Thursday, December 11, 2008

Whistleblowers in China Sent to Mental Hospital

A number of whistleblowers in one province of China were sent to a mental hospital to keep them quiet, according to a recent New York Times article, citing the Beijing News.

The N.Y. Times reported:

[P]ublic security officials in the city of Xintai in Shandong
Province were said to have been institutionalizing residents who persist in
their personal campaigns to expose corruption or the unfair seizure of their
property. Some people said they were committed for up to two years, and several
of those interviewed said they were forcibly medicated. . . . [M]ost inmates
were released after they agreed to give up their causes.

Retaliation Common: Unfortunately, retaliation against whistleblowers is a common phenomenon. In the United States, whistleblowers are frequently fired or demoted. According to one study of hundreds of whistleblowers, almost 70% of those who reported wrongdoing internally were terminated, while more than 80 % of those who reported wrongdoing to outside entities were terminated. Recent examples of retaliation against whistleblowers in the U.S. include, for example, a TJ Maxx employee fired for reporting on data security problems, a federal prosecutor demoted after reporting that his supervisor mishandled classified material, retaliation against federal air marshals who reported misconduct by other marshals, an FAA employee demoted for reporting safety violations, and my own client who was fired and blacklisted for refusing to participate in and reporting an antitrust conspiracy.

Potential Solutions: While there are some laws in place designed to protect whistleblowers from retaliation, reporting wrongdoing is still a risky proposition, and potential whistleblowers must seriously consider the potential costs and benefits. Some laws, like the False Claims Act, are designed to provide positive incentives to whistleblowers who report fraud against the federal government. Between 1996 and 2005, whistleblowers helped the government recover $9.3 billion under the False Claims Act for health-care related fraud, of which the whistleblowers received over $1 billion.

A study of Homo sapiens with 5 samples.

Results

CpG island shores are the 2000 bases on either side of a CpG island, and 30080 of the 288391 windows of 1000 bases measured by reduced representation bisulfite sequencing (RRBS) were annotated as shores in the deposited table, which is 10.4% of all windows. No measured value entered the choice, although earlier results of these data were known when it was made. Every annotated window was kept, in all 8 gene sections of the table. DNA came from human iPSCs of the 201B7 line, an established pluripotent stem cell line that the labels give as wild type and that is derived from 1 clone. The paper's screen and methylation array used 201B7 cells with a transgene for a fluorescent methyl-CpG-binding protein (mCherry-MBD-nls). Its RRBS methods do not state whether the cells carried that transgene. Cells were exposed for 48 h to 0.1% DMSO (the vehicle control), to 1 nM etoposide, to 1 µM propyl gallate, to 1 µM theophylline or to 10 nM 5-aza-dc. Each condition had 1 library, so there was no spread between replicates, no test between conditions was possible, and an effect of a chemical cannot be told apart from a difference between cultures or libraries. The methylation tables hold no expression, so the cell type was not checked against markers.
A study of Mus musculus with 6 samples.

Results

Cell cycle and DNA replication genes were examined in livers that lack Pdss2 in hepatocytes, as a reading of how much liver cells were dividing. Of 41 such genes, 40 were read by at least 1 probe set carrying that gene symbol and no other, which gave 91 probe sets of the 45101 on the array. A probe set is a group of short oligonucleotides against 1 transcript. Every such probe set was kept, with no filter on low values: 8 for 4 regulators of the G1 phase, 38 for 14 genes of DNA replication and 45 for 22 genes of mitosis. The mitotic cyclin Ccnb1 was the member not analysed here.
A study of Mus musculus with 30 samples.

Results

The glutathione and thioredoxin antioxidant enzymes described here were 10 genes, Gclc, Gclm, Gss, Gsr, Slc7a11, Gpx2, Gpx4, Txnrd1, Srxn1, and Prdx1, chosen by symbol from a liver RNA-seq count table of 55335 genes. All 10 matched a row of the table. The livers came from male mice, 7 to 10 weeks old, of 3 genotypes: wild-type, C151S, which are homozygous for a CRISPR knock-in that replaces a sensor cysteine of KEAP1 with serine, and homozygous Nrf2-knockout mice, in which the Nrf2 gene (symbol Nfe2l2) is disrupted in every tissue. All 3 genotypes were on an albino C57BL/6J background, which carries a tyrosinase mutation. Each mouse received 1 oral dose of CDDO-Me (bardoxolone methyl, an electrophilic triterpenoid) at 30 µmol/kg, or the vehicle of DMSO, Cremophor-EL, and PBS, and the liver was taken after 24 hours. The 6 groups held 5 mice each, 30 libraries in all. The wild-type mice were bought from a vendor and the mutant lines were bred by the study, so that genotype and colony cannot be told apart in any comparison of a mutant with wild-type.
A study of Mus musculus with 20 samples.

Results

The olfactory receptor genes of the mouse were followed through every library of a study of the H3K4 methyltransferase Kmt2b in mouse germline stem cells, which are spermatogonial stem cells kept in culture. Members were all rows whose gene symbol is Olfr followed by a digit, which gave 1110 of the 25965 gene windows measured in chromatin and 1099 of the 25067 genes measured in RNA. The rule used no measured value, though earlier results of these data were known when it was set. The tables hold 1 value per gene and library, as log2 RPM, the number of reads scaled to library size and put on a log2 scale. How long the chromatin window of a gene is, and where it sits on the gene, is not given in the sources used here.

While affirmative whistleblower incentives in the United States are limited to fraud against the government, some countries offer broader incentives, such as offering whistleblowers a percentage of any criminal antitrust fines imposed.

Although one (inappropriate) government response to whistleblowers is putting them in a mental hospital, I advocate the government providing affirmative rewards to encourage whistleblowers to come forward despite the risk of termination or other forms of retaliation.

Related Posts: Incentives & Disincentives for Insiders to Expose Unlawful Cartels; Kotchen & Low LLP Sues Packaged Ice Manufacturers on Behalf of Former Party Time Ice Executive Martin McNulty; Considerations for Individuals Who Refuse to Participate in Illegal Business Practices.